Why I walked out
by Russell Pollitt SJ
Twice before, when I have written about the poor standard of preaching in the Church, I have received a flood of emails. Almost all the positive ones are from lay people, agreeing with my assertion and, often, saying that they are at their wits end with what they have to listen to. Not surprisingly, the few blow-back emails I get, are always from clergy telling me I am being mischievous or, as one told me, you “don’t understand the purpose of preaching.”
As I have explained before, I often find myself in the benches on Sundays – I am not working in a parish. This has been an education. Admittedly, I have heard some very good homilies but, for the most part, can say they have been few and far between.
Recently I did something I never thought I would do: I walked out of a Church one Sunday because I could no longer sit and have my dignity assaulted by a preacher. The lesser sin, I reasoned, was to leave.
The preacher began by showing how shallow his understanding of the Scripture text was. He basically abused the text (completely ignoring its meaning and context) to build up to a patronising, moralistic diatribe about all those things associated with the pelvic regions. Chewing gum, genuflecting in the right direction, and shutting noisy children up also mysteriously made their way into what seemed to go on and on…
It seemed fairly obvious to me that the congregation had switched off. Some were reading the bulletin or Southern Cross, others fidgeting and, others still, counting the blocks on the roof. It was clear that the preacher had no awareness of this as he droned on.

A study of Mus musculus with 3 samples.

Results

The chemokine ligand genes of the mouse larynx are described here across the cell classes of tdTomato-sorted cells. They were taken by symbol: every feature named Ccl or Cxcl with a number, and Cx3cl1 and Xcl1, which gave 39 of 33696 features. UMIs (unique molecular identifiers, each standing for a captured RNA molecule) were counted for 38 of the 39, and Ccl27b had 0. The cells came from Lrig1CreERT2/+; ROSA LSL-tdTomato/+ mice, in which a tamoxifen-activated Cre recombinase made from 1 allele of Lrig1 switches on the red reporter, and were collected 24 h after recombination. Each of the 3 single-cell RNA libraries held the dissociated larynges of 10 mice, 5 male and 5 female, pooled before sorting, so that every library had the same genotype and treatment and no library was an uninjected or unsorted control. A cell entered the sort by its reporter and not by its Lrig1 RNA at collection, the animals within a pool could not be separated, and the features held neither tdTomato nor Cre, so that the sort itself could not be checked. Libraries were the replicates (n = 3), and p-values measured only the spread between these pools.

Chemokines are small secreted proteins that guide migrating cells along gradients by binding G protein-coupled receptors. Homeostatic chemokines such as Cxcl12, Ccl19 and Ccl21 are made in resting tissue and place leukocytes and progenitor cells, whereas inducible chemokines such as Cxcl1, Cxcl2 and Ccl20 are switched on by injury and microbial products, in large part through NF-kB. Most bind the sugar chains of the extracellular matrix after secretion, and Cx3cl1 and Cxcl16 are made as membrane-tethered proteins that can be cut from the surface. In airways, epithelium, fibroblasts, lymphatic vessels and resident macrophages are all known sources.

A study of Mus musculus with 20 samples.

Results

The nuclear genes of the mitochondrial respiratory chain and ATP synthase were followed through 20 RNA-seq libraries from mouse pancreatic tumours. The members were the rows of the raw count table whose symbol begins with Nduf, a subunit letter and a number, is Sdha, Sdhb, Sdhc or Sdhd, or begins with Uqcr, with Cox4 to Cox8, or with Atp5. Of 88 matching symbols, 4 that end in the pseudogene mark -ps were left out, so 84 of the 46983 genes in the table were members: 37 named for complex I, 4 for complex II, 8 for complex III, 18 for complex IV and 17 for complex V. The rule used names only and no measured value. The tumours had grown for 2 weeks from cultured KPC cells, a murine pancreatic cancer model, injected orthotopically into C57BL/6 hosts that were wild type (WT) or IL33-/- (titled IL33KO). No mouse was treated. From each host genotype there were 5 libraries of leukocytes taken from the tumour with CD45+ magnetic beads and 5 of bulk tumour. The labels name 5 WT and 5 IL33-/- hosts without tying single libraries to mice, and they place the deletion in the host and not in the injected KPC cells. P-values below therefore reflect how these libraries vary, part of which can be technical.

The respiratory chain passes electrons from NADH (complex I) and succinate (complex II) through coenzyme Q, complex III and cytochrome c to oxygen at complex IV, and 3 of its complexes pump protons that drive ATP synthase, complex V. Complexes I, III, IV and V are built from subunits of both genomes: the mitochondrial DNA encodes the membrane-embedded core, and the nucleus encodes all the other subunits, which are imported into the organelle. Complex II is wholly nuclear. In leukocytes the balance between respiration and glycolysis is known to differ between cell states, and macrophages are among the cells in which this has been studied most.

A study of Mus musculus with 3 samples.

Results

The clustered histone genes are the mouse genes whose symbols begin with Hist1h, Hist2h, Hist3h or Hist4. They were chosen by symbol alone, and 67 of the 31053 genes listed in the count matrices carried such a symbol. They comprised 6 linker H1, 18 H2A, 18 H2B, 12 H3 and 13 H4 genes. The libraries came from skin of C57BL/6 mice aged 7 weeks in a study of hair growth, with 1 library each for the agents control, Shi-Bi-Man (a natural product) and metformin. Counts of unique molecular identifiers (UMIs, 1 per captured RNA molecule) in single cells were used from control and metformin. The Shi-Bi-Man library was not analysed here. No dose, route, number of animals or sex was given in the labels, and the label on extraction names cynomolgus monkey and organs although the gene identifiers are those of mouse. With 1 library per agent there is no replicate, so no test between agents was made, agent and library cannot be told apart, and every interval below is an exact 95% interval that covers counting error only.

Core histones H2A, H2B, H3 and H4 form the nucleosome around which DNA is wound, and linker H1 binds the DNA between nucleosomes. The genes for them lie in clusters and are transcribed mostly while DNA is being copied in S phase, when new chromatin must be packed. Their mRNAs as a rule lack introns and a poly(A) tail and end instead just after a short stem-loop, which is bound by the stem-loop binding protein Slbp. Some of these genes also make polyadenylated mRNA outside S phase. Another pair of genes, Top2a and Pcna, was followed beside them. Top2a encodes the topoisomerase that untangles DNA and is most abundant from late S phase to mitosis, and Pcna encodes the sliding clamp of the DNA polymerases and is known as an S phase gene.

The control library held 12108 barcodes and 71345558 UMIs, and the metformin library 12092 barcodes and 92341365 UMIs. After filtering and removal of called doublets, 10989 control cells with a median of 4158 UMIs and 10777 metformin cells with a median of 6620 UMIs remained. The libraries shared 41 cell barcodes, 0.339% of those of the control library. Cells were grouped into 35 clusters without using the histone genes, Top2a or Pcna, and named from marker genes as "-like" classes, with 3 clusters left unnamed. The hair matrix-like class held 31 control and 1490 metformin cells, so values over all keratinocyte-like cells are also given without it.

Just when I thought the runway was in sight and he was about to (mercifully!) land, he pushed the throttle up and the engines roared back into a treatise about perversion, immorality and how Holy Communion was the preserve of the righteous. I could no longer take it and, so, I got up and left.
A few days later I was talking to someone who regularly attends mass at this parish. I was told that this was ‘normal.’ When I asked why they continued to attend at this place the response was “Good question. I know others who have left but, I guess, it’s convenient.” The person then went on to tell me that most Sundays they “switch-off anyway” when the sermon begins.
Why have we settled for the lowest common denominator when it comes to Sunday sermons? Pope Francis, dedicates a significant section of his first Apostolic Exhortation, Evangelii Gaudium, to the Sunday homily. This suggests he too knows that we face a challenge when it comes to sermon quality.
Why do we sit back and accept intellectual insults or inappropriate lectures when we should be leaving Sunday mass feeling suitably challenged, inspired and hopeful, rejoicing that God has spoken to us? Why has wearing fiddle-back vestments, making sure chalices are gold, or using a bad English translation become disproportionately more important than feeding God’s people?